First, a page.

For the rest of the week, we’ll be posting excerpts from our new free white paper, “Improving Quality Score: The Value of Being More Relevant.” To download the full white paper (you’ll only get about half of it here), fill out the form below.
Google determines Quality Score slightly differently for each of the different advertising networks that it runs. Here we’ll learn how Quality Score is calculated for Google Search, which is the largest source of traffic for most advertisers.
According to Google:
Quality Score is calculated in real-time, every time your keyword matches a search query—that is, every time your keyword has the potential to trigger an ad. Quality Score is used in several different ways, including influencing your keywords’ actual cost-per-clicks (CPCs) and estimating the first page bids that you see in your account. It also partly determines if a keyword is eligible to enter the ad auction that occurs when a user enters a search query and, if it is, how high the ad will be ranked.
The following are factors that Google says go into computing the Google Quality Score.
Clickthrough rate (CTR) is the number of clicks your ad receives divided by the number of times your ad is shown (impressions) via Google search only. Your ads and keywords each have their own CTRs, unique to your own campaign performance.
Clickthrough rate is the most significant component of Quality Score because it directly indicates which ads are most relevant to our users. For example, a well targeted keyword that shows a similarly targeted ad is more likely to have a higher CTR than a general keyword with non-specific ad text. The more your keywords and ads relate to each other and to your business, the more likely a user is to click on your ad after searching on your keyword phrase.
This simply means that the keywords in your ad group must be relevant to your ads. Keywords in the ad group should be repeated in the ad text.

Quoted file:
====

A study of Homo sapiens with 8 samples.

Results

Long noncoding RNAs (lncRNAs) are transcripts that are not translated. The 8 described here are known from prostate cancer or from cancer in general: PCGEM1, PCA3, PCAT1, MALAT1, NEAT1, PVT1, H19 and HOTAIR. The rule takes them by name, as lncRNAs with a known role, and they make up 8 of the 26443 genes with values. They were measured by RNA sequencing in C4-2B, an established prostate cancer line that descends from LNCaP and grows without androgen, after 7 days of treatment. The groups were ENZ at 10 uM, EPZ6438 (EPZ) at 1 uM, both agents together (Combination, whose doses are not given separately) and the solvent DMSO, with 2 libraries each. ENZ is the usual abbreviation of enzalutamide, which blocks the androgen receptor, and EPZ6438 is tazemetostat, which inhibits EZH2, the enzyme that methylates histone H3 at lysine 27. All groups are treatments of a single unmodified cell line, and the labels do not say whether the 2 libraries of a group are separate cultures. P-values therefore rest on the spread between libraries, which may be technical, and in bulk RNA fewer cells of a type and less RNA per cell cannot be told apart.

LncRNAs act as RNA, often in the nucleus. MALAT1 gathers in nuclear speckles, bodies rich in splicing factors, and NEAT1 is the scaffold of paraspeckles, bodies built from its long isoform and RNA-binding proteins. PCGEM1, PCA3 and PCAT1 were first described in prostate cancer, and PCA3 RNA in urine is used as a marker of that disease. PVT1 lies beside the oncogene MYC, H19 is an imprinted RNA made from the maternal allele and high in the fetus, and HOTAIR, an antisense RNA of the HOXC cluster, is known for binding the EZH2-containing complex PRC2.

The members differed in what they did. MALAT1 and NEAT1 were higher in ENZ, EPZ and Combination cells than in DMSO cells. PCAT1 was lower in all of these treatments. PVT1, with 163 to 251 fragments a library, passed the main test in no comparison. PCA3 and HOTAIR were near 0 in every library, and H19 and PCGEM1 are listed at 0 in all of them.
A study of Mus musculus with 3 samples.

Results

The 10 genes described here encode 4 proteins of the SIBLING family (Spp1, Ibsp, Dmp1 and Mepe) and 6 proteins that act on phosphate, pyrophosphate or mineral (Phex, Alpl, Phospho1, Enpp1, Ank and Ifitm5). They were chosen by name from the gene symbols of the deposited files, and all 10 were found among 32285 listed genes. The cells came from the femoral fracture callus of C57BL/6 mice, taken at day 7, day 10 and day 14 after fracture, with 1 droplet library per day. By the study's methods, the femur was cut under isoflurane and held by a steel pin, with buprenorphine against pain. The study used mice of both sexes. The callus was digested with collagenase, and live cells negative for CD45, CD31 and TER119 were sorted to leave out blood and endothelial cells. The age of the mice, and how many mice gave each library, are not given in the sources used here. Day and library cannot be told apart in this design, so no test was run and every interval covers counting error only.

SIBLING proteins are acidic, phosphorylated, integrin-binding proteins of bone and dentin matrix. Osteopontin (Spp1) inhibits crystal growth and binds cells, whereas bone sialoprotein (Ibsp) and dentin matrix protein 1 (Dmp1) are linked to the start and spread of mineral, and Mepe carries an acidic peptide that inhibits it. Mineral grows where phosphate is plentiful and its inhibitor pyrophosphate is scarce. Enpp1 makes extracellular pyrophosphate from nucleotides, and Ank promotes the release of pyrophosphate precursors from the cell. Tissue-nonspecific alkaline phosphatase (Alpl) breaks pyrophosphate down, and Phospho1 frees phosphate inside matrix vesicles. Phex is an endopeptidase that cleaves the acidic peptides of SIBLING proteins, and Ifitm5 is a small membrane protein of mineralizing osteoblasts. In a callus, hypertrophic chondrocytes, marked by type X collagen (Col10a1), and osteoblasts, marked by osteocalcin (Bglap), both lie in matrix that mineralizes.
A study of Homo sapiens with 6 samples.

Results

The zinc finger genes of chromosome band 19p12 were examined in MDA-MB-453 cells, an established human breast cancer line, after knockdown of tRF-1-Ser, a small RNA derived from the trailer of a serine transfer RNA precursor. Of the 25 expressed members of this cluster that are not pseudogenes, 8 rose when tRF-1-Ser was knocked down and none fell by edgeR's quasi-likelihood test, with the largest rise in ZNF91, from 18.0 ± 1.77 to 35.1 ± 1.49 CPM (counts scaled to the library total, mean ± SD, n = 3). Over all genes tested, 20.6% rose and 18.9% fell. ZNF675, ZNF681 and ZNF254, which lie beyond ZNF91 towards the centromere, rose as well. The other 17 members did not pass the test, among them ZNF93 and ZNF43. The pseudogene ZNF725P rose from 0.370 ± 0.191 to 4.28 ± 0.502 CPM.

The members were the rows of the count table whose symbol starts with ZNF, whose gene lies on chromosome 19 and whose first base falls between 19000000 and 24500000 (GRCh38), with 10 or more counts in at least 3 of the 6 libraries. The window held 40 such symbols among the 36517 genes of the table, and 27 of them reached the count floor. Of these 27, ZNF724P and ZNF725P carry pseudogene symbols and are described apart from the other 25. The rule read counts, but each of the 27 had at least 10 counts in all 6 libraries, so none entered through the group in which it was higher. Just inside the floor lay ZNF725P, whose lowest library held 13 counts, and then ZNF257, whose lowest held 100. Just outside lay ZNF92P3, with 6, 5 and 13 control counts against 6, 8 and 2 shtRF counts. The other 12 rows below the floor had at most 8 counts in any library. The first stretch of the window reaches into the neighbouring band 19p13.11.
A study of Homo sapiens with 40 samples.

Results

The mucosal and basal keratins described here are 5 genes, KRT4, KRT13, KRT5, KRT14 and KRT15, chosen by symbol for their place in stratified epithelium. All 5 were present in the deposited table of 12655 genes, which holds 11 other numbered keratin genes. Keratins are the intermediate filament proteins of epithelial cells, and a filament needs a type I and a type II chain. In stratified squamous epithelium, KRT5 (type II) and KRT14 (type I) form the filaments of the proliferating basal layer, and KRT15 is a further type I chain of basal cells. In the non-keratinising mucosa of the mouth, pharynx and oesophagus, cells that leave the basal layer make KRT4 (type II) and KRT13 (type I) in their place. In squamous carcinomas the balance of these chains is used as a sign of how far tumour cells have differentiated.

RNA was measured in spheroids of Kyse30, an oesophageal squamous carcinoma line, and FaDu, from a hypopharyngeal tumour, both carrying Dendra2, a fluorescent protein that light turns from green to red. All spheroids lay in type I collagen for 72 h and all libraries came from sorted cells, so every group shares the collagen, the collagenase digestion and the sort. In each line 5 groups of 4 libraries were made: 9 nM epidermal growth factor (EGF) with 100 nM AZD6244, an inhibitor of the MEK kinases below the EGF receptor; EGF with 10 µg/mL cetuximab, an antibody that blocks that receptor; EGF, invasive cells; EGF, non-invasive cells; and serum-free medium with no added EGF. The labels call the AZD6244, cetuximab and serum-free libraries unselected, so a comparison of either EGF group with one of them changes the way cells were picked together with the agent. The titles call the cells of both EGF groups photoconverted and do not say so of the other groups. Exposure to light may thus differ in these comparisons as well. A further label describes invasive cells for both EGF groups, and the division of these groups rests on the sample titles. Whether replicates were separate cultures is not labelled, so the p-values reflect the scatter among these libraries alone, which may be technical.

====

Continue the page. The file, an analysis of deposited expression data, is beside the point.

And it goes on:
The keyword that a customer searches for (the search query) needs to be relevant to the keywords in your ad group and the ad itself. The match type is not taken into account when Google computes Quality Score.
Google takes your entire history into account when determining CTR. Some advertisers have mistakenly interpreted this to mean that they should make as few adjustments to their existing keywords and ad text as possible. In fact, Google favors the recent history and give advertisers plenty of room for improvement through constant refinement. According to a posting on the Google AdWords Agency Blog’s Fact of the Day, “A few bad days of test performance will not ruin your Quality Scores. In order to optimize your clients’ accounts, we encourage you to run targeted tests on your bids, creatives, and keywords.”
This point refers to the URL that is displayed in the ad, not the URL that the customer is directed to after clicking the ad. This should be relevant to the keywords in your ad group.
Google says that the three main components of a quality website are relevant and original content, transparency, and navigability.
A Google crawler periodically visits your landing pages to calculate these and other usability factors.
Now that we’ve covered the basics on how Quality Score is calculated, let’s turn our attention back to why it’s so important.